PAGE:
Wallaces Farmer

Many Iowa farmers are harvesting soybeans above 13% moisture content, putting them in the bin and turning on the aeration fans.

October 23, 2009

4 Min Read

Many farmers across Iowa are harvesting soybeans at a moisture content above 13%. They are putting them in the bin and turning on the aeration fans.

With rainy, cloudy weather and even some snow in some areas of the state during the first half of October, soybeans are coming out of the field a little wet this fall. "Much of the soybean grain has been 14% to 15% moisture as it's been harvested here in our area," says Paul Kassel, Iowa State University Extension field agronomist at Spencer in northwest Iowa.

Kassel and other ISU Extension specialists have been fielding questions on storing soybeans, drying soybeans—something farmers in Iowa don't usually have to do in falls with normal harvest weather. Conditions for soybean harvest are not ideal this fall, no matter how you look at it. As one farmer asked, "What can you do? You have to harvest even if it isn't ideal conditions."

Soybeans stored on the farm need to be aerated
Kassel says there's roughly a 2 bushel per acre loss when 15% moisture content soybeans are delivered to the elevator—if the elevator assesses a 3% dock per point of moisture. But, you need to remember there is also an invisible loss if soybeans are harvested too dry—which happens in a normal fall but probably won't happen this year. "Actually, we have some losses whenever we harvest soybeans," he notes. "It's difficult to get perfect harvest conditions for beans." "Soybeans stored at home should be aerated," advises Kassel. "Aeration is always important with any crop – but since some of these soybeans are a little wet – aeration will be really important. I'm advising farmers to let those aeration fans run – and keep that in mind as we go through the rest of the fall and winter."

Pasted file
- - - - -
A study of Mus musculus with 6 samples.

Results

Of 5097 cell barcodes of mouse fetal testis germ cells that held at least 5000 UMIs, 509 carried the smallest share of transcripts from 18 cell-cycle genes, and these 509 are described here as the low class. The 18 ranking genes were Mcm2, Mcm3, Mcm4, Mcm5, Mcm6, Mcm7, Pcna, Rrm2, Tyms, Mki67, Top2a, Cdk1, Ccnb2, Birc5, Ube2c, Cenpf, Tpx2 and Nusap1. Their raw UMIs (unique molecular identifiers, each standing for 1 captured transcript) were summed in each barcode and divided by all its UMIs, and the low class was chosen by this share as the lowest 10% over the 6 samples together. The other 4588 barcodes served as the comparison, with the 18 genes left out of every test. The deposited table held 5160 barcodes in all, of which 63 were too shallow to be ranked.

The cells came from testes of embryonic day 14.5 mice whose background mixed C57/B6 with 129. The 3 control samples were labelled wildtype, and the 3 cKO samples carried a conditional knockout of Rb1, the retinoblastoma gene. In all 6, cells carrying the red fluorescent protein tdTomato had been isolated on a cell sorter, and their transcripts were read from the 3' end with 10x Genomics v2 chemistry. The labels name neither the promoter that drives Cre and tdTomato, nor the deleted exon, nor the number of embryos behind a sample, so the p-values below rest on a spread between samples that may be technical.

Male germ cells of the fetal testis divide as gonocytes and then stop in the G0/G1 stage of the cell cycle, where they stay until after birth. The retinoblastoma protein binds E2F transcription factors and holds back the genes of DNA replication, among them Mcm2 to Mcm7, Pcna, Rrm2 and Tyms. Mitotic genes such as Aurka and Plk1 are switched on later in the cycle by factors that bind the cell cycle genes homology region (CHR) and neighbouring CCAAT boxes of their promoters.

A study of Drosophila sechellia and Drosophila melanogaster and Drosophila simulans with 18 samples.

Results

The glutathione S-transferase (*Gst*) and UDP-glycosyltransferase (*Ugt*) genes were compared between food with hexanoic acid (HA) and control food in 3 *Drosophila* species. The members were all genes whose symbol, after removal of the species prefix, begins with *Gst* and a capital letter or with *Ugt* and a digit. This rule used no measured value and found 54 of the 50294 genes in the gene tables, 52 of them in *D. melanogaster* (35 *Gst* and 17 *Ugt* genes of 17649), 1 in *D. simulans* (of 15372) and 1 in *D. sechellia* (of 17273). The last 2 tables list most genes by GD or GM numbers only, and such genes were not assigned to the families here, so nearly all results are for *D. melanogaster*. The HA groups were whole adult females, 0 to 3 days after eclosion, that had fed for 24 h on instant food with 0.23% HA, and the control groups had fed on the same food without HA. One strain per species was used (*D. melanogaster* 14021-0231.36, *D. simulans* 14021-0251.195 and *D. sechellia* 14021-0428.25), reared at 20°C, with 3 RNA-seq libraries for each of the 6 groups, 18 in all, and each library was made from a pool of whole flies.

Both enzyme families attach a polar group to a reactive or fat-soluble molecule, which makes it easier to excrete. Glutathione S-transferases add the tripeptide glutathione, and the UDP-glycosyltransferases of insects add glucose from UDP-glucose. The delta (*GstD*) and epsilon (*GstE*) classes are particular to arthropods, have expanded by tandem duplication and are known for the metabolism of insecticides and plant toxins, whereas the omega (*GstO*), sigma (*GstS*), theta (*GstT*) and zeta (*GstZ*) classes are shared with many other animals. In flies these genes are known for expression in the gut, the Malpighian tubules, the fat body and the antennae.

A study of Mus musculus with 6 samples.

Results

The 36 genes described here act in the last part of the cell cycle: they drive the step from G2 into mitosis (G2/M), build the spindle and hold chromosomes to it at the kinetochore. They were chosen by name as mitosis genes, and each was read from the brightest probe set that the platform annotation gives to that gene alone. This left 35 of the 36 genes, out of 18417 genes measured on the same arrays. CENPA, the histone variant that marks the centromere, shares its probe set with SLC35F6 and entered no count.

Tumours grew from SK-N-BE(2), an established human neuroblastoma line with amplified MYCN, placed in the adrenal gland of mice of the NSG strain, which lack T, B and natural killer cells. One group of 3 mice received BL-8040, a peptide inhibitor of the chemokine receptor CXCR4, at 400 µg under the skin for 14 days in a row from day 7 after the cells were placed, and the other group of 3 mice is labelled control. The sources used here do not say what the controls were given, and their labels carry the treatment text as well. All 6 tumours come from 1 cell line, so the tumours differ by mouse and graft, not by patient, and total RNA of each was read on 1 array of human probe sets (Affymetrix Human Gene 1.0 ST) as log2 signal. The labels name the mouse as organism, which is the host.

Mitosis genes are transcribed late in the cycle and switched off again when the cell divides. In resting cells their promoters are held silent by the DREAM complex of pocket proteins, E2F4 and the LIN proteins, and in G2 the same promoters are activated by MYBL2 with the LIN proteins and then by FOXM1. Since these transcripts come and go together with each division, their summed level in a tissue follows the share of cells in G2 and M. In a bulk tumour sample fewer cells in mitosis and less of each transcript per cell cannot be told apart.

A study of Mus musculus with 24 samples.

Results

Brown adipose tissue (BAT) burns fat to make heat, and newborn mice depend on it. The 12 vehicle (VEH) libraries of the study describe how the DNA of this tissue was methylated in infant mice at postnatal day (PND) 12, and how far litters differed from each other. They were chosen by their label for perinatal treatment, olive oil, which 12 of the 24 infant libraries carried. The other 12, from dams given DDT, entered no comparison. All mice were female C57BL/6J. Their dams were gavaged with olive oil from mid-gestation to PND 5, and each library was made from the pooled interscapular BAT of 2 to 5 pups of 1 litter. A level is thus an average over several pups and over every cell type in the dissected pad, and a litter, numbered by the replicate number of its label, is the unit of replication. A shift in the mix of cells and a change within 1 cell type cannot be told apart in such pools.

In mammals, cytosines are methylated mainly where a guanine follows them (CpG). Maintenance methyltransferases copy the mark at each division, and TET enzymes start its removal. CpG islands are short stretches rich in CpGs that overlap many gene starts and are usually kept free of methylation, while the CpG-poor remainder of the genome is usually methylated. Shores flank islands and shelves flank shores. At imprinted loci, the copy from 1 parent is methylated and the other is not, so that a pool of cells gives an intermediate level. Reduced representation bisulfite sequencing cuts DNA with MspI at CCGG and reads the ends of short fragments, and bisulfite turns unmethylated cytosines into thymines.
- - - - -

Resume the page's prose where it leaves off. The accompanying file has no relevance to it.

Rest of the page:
Charles Hurburgh, a grain quality expert and director of the Iowa Grain Quality Initiative at ISU, offers the following guidelines and recommendations for aerating corn and soybeans.

Aeration Practice
Phase 1: Fall Cool Down
   • Lower grain temperatures in a stepwise fashion
         • October 40-45 F
         • November 35-40 F
         • December 28-35 F

Phase 2: Winter Maintenance
   • Maintain temperatures with intermittent aeration
         • January, February 28-35 F

Phase 3: Spring Holding
   • Keep cold grain cold
         • Seal fans
         • Ventilate headspace intermittently

Soybeans can be dried. But most farmers will not do it, notes Kassel. They're just not used to drying soybeans. For proper storage, soybeans need to be dried to at least 13% for short-term storage and at least 11% for long-term storage.  Soybeans harvested at less than 15% moisture can generally be dried with fans that are sized for routine aeration (0.1-0.2 cfm/bu.).  Above that, likely requires low-temperature drying. 

"The last half of the 2009 soybean harvest is likely to be wet, over 14% moisture content, with many reports already of 18% to 20% moisture soybeans coming out of the field," says Hurburgh. Soybeans dry more easily than corn so air alone, or heat no more than 120 degrees F will be adequate, he says. Monitor the drying frequently to prevent overdrying of soybeans.

An ISU Extension publication, :Soybean Drying and Storage:, PM 1636, has more information. Go to  www.extension.iastate.edu/Publications/PM1636.pdf.

Wet soybeans should not be held in bunkers, piles, flat storages, sheds or other structures where airflow is not well distributed. 

Which beans should go into storage, which should be moved?
"Be selective about what beans are placed in storage versus moved at harvest," advises Hurburgh. "Deliberately decide which bins are going to be kept into the summer. Remove the center core and use a grain distributor if possible. Check your stored grain at least every two weeks, with some way to take grain temperatures. If a slow rise is noted, then you should aerate. If a hot spot starts, move the grain out. It is very difficult to control soybean spoilage once it has started. Oil rancidity becomes a major problem."

Wet soybeans will happen, and they are a reality especially in eastern Iowa this fall. Patience will be important because the grain handling system is also facing a large, wet corn crop in the same areas. Hurburgh says soybeans can be dried with natural air and heated up about 120 degrees F; soybeans respond quickly to air conditions. On farm drying is likely to be profitable because the grain market does not have the capacity to handle both wet corn and wet soybeans.

Frost damage occurred in later planted soybeans in some areas of Iowa this fall; the best strategy is to aerate and store for 40 to 60 days before selling. The greenness may subside enough to be below the color threshold of the USDA grain grades. In cases of dispute over grading, Hurburgh says you should submit the sample to a USDA licensed grading agency for resolution. Protein levels are likely to be below average; oil levels above average in Iowa soybeans for 2009.